The Supreme Court has allowed President Donald Trump’s deputies to complete the once-in-a-decade national census in time for a scheduled December 31 report to the President.
The high court’s order on Tuesday, following an emergency request the Justice Department made last week, helps clear the way for President Trump to try to alter the count while in office by excluding unauthorized immigrants from the numbers used to reallocate congressional seats and Electoral College votes for the next 10 years.
… if the commerce secretary, who oversees the bureau, were to present the new state counts to the White House by Dec. 31, that would ensure that even if Trump did not win reelection, he could attempt to carry out the unprecedented change he wants to make to who is counted when determining the reallocation of House seats.
Only one of the eight judges publicly disagreed. Justice Sotomayor wrote: “Meeting the deadline at the expense of the accuracy of the census is not a cost worth paying.”
On October 7, Commerce Secretary Wilbur Ross explained the administration’s plans. He told NPR:
It isn’t a rush to finish. There is a statutory deadline of December 31, which Congress enacted quite a few years ago, in which, as far as I know, just about every census has completed in time for. The reason for that deadline is the apportionment material, which the President gives to the state, is then used to allocate congressional seats in state legislatures. And for the next ten years as well, it allocates federal funds.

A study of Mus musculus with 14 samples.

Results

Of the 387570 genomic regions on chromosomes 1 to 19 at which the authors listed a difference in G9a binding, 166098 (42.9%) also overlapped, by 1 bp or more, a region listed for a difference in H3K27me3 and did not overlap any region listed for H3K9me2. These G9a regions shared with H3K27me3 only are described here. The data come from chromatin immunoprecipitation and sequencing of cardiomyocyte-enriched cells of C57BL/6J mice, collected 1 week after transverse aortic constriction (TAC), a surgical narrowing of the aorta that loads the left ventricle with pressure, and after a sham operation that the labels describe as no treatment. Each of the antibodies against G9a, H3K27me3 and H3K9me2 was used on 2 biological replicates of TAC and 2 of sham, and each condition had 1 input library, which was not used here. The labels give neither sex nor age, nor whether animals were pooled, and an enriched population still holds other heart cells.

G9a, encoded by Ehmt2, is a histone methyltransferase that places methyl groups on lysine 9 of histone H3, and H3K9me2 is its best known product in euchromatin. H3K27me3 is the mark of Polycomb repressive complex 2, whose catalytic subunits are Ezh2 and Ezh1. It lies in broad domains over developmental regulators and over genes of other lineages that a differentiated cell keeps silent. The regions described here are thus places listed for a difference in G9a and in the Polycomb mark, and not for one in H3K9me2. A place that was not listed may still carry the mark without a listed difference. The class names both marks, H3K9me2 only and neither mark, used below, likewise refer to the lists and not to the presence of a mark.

Once the report is delivered, Trump is expected to exclude illegal immigrants from the once-in-a-decade recalculation of how many seats each state gets in the House of Representatives.
The reapportionment process, if approved by judges, would take House seats from California and Texas — both of which have swelled their populations with large inflows of illegals — and then transfer the seats to other states.
“We are already at – 99.7 percent of all the households have already been enumerated, and that’s a tenth of a percent better than in 2010,” Ross said.